United Kingdom

English football announces total social media boycott in response to online abuse

English football will boycott social media next weekend in response to the discrimination and abuse aimed at players, pundits and other members of the footballing community.

Authorities including the Football Association, Premier League, English Football League, FA Women’s Super League, FA Women’s Championship, PFA (Professional Footballers’ Association), and Kick It Out announced the move in a joint statement.

The say it shows “English football coming together to emphasise that social media companies must do more to eradicate online hate, while highlighting the importance of educating people in the ongoing fight against discrimination”.

It comes following continuous reports of racist and other forms of abuse levelled on social media.

Earlier this month, Swansea City football club announced a week-long boycott of social media, and Thierry Henry also left the platforms due to comments posted there.

In the joint letter, the organisations said that the boycott has been scheduled to take place “across a full fixture programme in the men’s and women’s professional game and will see clubs across the Premier League, EFL, WSL and Women’s Championship switch off their Facebook, Twitter and Instagram accounts”.

The letter added: “Finally, while football takes a stand, we urge the UK government to ensure its Online Safety Bill will bring in strong legislation to make social media companies more accountable for what happens on their platforms, as discussed at the DCMS Online Abuse round table earlier this week.”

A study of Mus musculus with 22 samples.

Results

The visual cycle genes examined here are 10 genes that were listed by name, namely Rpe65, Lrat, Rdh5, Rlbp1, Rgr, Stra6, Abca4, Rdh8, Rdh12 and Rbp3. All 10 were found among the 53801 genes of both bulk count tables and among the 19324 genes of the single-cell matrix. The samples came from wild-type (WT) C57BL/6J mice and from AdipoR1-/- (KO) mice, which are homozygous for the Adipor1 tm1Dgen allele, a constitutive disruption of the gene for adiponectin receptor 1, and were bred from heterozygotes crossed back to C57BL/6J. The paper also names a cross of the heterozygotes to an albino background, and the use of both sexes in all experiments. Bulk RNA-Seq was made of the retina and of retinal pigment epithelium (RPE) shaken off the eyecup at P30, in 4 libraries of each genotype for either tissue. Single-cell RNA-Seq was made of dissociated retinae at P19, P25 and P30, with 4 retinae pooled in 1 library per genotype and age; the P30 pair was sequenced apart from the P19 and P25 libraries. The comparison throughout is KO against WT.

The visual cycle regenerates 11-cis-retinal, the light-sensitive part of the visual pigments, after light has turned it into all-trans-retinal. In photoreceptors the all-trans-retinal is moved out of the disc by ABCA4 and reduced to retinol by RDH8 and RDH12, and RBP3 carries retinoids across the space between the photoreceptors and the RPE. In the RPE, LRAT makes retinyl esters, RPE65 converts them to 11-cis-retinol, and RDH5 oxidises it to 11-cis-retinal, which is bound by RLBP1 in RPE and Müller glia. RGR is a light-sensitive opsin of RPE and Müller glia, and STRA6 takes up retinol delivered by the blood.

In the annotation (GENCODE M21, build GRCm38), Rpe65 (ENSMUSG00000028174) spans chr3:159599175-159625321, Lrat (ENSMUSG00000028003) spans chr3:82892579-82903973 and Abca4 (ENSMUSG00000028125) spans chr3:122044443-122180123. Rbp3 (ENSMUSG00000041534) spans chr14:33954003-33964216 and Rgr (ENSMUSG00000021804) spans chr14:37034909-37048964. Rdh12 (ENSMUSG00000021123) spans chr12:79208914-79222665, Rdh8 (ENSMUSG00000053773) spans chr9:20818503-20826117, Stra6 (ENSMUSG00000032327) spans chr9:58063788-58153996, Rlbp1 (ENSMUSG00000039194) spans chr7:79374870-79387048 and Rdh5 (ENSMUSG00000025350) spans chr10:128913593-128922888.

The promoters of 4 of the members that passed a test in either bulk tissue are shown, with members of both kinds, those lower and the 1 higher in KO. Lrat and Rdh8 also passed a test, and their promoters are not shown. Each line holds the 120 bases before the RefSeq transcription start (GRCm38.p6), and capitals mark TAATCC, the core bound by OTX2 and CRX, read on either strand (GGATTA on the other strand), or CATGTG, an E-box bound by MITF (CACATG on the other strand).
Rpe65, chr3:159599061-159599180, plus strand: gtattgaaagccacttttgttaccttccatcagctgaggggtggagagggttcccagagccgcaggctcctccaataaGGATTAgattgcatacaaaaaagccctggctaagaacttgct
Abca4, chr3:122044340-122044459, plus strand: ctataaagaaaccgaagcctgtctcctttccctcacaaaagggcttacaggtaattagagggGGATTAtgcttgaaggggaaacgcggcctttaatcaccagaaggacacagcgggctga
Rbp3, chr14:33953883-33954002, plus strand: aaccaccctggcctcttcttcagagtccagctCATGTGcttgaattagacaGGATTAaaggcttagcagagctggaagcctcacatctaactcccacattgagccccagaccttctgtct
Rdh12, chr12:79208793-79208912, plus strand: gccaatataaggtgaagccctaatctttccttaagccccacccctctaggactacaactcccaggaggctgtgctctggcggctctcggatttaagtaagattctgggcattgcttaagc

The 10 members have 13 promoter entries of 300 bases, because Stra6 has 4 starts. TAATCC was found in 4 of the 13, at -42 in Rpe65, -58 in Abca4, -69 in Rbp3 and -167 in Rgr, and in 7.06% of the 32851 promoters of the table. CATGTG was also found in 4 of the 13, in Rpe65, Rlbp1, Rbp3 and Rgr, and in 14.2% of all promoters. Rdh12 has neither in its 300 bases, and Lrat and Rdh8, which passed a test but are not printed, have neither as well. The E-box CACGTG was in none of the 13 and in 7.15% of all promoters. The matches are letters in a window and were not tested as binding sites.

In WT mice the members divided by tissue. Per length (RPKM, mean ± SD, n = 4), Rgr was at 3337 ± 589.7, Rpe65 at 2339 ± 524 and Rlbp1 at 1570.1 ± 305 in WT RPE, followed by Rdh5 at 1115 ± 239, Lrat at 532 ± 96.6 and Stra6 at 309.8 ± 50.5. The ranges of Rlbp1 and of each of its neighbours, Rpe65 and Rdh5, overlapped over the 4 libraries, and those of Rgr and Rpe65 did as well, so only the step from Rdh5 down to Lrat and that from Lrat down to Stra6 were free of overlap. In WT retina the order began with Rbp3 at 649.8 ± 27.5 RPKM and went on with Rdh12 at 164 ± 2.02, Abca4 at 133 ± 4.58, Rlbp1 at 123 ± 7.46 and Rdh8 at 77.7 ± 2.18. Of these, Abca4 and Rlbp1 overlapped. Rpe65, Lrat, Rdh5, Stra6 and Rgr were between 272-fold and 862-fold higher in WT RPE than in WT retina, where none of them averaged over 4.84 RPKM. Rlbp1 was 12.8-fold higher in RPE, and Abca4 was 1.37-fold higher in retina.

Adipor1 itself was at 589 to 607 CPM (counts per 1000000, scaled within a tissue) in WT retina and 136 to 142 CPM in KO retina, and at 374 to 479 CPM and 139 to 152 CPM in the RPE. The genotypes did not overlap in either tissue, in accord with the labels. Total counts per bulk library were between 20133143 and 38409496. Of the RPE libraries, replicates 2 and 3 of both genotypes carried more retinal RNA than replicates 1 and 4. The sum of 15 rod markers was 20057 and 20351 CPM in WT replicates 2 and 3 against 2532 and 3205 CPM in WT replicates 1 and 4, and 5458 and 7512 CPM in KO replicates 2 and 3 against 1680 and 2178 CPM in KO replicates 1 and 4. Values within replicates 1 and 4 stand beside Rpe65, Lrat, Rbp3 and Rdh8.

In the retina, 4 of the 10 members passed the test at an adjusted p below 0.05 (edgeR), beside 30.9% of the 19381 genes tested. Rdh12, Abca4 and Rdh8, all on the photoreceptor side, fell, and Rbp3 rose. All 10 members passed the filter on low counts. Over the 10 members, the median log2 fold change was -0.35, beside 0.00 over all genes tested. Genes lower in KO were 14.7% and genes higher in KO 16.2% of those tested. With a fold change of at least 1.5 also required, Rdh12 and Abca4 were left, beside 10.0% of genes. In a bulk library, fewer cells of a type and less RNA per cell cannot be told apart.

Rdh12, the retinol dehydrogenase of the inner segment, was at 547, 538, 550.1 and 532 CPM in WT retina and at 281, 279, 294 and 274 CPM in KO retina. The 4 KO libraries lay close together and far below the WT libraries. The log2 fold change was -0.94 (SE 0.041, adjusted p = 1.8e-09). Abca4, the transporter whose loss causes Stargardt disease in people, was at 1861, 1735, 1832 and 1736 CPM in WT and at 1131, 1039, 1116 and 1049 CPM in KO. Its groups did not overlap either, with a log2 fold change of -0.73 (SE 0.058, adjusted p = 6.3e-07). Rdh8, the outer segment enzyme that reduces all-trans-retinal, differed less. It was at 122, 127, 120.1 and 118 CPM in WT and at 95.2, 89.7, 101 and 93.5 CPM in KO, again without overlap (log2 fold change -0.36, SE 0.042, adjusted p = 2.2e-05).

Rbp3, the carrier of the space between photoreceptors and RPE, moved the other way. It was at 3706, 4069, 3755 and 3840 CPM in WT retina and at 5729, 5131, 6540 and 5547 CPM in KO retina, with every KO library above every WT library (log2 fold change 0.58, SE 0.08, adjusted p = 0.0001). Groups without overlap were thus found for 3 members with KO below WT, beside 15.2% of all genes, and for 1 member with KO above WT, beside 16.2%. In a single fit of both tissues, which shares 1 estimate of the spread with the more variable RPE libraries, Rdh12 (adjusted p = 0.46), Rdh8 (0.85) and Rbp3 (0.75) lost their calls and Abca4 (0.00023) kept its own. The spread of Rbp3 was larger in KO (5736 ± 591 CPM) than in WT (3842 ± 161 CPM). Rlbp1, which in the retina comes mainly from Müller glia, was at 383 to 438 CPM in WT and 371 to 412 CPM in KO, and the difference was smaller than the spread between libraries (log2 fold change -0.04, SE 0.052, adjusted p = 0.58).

Jo Stevens MP, Labour’s shadow digital, culture, media and sport secretary, said: “The threats and racism faced by footballers on social media are appalling, but sadly, no-one is surprised by this anymore.

“The only way to make social media companies take responsibility for what appears on their platforms is criminal sanctions against senior executives. And yet, despite all their tough talk, the Conservatives have dropped them from the proposed online safety law.

“Ministers can hold as many Zoom meetings with footballers as they like, but actions speak louder than words. They have caved in to big tech lobbyists by watering down proposed legislation, as well as delaying it for more than two years. That’s how concerned they really are.”